Convicted Ministry of Transport fraudster Joanne Harrison has had two months added to her sentence for defrauding another ministry.
Harrison was sentenced in February to three-and-a-half years in prison for stealing $723,000 while working as a manager at the Ministry of Transport.
This afternoon she returned to court at the Kaikohe District Court via video link after earlier pleading guilty to three charges - obtaining by deception and two charges of using a document for pecuniary advantage.
The charges stem from before her work at the Ministry of Transport.
Harrison falsified a pay verification slip from the department payroll in order to claim $6444.13 dollars of Domestic Purposes Benefit.
She falsely claimed she was earning $482 a week when she was actually earning almost four times that - $1842.
Ministry of Social Development lawyer Sheryl Manning told the court that Harrison was caught as part of an ongoing investigation by government departments into her conduct.
There was a "moderately high level of pre-meditation" and her conduct needed to be denounced and deterred by the sentence, she said.
"The ministry relies on the honesty and trust of beneficiaries," she told the judge.
However, Harrison's lawyer Nathan Bourke said while there were no mitigating factors, she had been a model prisoner and had undertaken courses while in prison.
When investigators brought the matter to her attention she made full confessions and argued her sentence should be concurrent with what she was already serving, he said.
Judge Maude said she had a history of fraudulent activity.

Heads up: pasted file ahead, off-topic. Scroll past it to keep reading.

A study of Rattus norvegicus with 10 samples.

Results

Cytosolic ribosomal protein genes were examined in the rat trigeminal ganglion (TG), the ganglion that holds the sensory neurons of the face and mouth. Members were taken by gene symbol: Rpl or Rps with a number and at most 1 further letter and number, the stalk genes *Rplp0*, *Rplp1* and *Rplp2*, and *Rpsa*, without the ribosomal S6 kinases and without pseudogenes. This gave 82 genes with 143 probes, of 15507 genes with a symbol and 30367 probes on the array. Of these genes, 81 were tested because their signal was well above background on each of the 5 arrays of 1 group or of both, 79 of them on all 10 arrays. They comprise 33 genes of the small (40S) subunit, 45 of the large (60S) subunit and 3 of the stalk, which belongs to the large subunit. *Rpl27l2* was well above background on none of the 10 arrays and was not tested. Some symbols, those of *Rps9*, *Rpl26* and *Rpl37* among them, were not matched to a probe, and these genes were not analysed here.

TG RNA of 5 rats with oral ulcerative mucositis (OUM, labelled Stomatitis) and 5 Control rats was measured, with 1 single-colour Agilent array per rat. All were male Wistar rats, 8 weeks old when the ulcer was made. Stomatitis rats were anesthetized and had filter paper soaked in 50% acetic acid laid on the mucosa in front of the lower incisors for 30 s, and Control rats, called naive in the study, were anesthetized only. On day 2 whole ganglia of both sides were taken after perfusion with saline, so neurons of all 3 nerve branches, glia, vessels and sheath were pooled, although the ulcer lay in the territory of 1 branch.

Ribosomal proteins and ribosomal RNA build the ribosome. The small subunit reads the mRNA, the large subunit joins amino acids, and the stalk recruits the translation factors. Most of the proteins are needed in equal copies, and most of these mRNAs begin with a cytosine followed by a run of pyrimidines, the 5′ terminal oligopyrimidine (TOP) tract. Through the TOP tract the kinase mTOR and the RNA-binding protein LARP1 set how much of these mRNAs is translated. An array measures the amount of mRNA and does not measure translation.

The offending fell between a conviction for fraudulent documents in 2007 which resulted in a community work sentence and February's conviction relating to fraud between 2012 and 2015.
He said he had to consider how the judge would have sentenced her in February had he known of the offending.
"I believe he would have added a further two months."
He sentenced her to two months imprisonment to be served cumulatively.
A history of fraud
Harrison was stood down from her senior role within the Ministry of Transport in April last year when the fraud was discovered.
When sentenced in February, Judge Sunjay Patel said the offending was premeditated and calculated and noted she had been convicted for similar offences before.
The case led to scrutiny of the ministry into its dealing with the matter, resulting in a commissioned report and scrutiny of the then Auditor-General Martin Matthews who led the ministry at the time of the offending.
In August, Mr Matthews resigned from his position following a critical report into how he handled the case.
The State Services Commission also held a separate inquiry into whether Harrison was able to restructure whistleblowers out of the Transport Ministry.